A homily on Mark 1:29-45 (ESV):
And immediately he left the synagogue and entered the house of Simon and Andrew, with James and John. Now Simon’s mother-in-law lay ill with a fever, and immediately they told him about her. And he came and took her by the hand and lifted her up, and the fever left her, and she began to serve them.
That evening at sundown they brought to him all who were sick or oppressed by demons. And the whole city was gathered together at the door. And he healed many who were sick with various diseases, and cast out many demons. And he would not permit the demons to speak, because they knew him.
And rising very early in the morning, while it was still dark, he departed and went out to a desolate place, and there he prayed. And Simon and those who were with him searched for him, and they found him and said to him,“Everyone is looking for you.” And he said to them, “Let us go on to the next towns, that I may preach there also, for that is why I came out.” And he went throughout all Galilee, preaching in their synagogues and casting out demons.
And a leper came to him, imploring him, and kneeling said to him, “If you will, you can make me clean.” Moved with pity, he stretched out his hand and touched him and said to him, “I will; be clean.” And immediately the leprosy left him, and he was made clean. And Jesus sternly charged him and sent him away at once, and said to him, “See that you say nothing to anyone, but go,show yourself to the priest and offer for your cleansing what Moses commanded, for a proof to them.” But he went out and began to talk freely about it, and to spread the news, so that Jesus could no longer openly enter a town, but was out in desolate places, and people were coming to him from every quarter.
Today’s Gospel lesson consists of at least three distinct episodes.
- In Mark 1:29-34, Jesus heals Peter’s mother-in-law before a night-long, town-wide round of healings and exorcisms.
- Then, in Mark 1:35-39, Jesus absconds to a desolate place in the early morning hours to pray. When Peter and the others find him, he reaffirms the preaching focus of his ministry, before taking the disciples along with him as he proclaims the kingdom in Galilee, and demonstrates the kingdom by casting out demons.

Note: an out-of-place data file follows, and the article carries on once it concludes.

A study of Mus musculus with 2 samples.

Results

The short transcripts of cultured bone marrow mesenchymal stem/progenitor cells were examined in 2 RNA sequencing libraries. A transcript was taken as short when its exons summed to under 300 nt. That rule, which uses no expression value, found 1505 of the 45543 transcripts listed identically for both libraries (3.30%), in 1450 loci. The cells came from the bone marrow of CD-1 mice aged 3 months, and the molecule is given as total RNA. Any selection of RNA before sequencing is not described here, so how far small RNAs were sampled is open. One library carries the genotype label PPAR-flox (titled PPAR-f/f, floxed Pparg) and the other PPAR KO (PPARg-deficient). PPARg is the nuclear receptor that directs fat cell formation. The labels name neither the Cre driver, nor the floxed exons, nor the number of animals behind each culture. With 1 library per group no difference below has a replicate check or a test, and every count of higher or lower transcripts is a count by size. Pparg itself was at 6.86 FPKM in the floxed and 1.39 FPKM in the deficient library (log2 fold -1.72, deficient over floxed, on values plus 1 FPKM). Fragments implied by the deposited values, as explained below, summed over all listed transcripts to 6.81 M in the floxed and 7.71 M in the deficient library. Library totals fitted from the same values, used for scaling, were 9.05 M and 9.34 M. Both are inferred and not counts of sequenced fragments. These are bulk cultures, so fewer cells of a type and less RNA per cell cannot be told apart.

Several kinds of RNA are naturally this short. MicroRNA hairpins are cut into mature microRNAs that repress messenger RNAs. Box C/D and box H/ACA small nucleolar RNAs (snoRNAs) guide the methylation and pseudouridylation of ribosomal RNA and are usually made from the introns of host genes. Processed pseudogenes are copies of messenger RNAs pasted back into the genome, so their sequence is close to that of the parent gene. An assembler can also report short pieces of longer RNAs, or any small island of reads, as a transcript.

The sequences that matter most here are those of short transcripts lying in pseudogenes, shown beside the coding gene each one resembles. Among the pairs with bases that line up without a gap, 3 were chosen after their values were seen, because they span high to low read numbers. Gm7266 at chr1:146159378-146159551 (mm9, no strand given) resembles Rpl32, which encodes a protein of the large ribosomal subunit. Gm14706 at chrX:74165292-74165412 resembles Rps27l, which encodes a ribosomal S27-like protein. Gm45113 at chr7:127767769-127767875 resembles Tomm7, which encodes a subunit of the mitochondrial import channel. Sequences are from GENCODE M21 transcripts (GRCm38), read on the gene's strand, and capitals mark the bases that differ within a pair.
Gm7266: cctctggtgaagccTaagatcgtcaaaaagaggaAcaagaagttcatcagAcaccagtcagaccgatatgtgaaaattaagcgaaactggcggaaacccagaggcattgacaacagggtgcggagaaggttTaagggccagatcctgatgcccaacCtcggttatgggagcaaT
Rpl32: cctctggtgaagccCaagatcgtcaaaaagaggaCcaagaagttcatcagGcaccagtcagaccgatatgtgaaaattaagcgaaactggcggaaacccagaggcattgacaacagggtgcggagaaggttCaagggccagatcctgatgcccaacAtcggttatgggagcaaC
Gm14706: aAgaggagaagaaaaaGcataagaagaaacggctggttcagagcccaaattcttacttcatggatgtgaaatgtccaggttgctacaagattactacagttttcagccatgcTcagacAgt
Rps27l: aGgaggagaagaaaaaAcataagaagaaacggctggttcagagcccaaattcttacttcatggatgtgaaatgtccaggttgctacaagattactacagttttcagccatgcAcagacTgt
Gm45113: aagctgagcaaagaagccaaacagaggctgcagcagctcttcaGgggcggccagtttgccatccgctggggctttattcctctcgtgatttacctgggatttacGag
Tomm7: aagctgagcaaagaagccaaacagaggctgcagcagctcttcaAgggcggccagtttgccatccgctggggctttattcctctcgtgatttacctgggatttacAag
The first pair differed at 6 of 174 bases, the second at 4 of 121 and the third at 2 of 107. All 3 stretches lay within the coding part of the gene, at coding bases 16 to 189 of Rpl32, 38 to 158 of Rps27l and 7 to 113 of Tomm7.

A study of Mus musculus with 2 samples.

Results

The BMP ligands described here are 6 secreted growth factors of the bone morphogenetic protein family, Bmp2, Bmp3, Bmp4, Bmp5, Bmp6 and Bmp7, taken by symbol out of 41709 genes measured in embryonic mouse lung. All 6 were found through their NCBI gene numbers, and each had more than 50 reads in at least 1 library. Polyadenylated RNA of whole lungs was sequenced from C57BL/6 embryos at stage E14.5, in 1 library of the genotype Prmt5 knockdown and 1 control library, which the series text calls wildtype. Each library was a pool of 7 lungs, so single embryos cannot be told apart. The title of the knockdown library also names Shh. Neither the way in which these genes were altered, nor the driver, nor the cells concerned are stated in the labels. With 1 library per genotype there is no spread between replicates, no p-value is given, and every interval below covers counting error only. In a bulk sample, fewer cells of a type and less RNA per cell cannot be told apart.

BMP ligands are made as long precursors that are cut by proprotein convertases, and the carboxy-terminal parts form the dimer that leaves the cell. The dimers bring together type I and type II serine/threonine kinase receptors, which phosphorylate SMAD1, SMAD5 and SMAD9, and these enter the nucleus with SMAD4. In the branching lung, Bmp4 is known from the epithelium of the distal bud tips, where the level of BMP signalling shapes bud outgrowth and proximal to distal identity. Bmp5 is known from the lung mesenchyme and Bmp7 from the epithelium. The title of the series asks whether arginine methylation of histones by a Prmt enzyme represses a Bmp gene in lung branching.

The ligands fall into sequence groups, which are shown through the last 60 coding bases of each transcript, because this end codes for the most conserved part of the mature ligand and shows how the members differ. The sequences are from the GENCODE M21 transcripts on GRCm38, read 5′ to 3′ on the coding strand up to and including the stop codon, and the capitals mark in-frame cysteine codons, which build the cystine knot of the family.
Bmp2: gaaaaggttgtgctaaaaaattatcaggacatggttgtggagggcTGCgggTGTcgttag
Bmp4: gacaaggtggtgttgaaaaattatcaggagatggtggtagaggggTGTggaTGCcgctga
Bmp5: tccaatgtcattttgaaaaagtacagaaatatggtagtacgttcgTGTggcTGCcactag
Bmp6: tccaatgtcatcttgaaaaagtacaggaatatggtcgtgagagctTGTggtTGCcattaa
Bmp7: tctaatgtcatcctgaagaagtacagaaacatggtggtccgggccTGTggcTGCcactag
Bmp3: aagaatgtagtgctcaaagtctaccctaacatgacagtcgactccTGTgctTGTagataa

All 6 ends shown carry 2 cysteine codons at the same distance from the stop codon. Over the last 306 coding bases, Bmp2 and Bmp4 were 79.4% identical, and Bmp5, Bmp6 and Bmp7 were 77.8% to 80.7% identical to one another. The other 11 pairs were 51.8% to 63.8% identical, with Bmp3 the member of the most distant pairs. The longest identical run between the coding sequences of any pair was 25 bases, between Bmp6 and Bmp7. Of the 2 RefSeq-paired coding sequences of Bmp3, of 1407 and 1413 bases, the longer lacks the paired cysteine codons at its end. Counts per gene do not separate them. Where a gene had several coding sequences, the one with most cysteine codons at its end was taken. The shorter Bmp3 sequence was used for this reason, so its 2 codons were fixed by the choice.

- Finally, in Mark 1:40-45, a leper courageously and somewhat scandalously approaches Jesus, asking to be made clean. Jesus, moved with compassion, grants his request, makes him clean, charges him with silence, and – partially because the request for silence went unheeded – is forced to remain in desolate places to avoid the growing attention his ministry is receiving.
Now, what to make of these things? As ministers within the Church, as followers of Jesus, I think we naturally (and rightly) tend to place ourselves in the place of Christ’s disciples when we work our way through Gospel texts.
However, with today’s episodes, I’d like us to consider what we can learn about our vocations from Peter’s mother-in-law, from Jesus himself, and from the leper. These, I believe, demonstrate the importance of service, prayer, proclamation, and worship
First, as with several of Jesus’ miraculous healings, Peter’s mother-in-law is raised from her bed as a foreshadowing of Christ’s resurrection. And although the use of the verb diakoneo to mean “to serve, to wait upon,” is perfectly within the term’s semantic range, we should not fail to notice that the woman provides an apt example of the Christian life: just as she was raised from her bed and began to serve Christ and the disciples, we are raised from our sickness of Sin and Death for a purpose, unto a life of service within Christ’s Church.
Secondly, after an eventful night of healings and casting out demons, Jesus demonstrates for us the sustaining importance of prayer, even and especially in the lives of ministry big shots, by retreating to a deserted place in the early morning hours to pray to the Father. This lifestyle of prayer is what sustains his healing ministry, and also, thirdly, it sustains his preaching ministry.
Jesus does not lose focus in the midst of growing crowds. He takes time to be alone, to pray – and he relentlessly proclaims the coming Kingdom of God to the people. May we strike the same balance as our Lord in our ministries today.
Service. Prayer. Proclamation. And finally, Worship.
Notice the leper, condemned to a life of painful illness and perhaps even more painful social exclusion. Taking the risk that Jesus might recoil in horror at his presence, like countless others would have, the leper boldly asks, notice, not primarily for physical healing, but for restoration to the worshiping community!
We must keep the biblical, and not the clinical, meaning of “clean” in mind here: acceptable and ready to worship the living God! Jesus reverses the normal contagion movement, transferring his cleanliness to the unclean man, restoring the leper to a life of worship. A beautiful exchange, one which Christ is still willing to make with us today! However, are we as eager as the leper to be healed in order to worship God? To serve God? To pray to God? To proclaim God’s Kingdom?
Let us not make healing a self-centered occurrence. Christ offers us healing and restoration for this fourfold purpose: service, prayer, proclamation, and worship.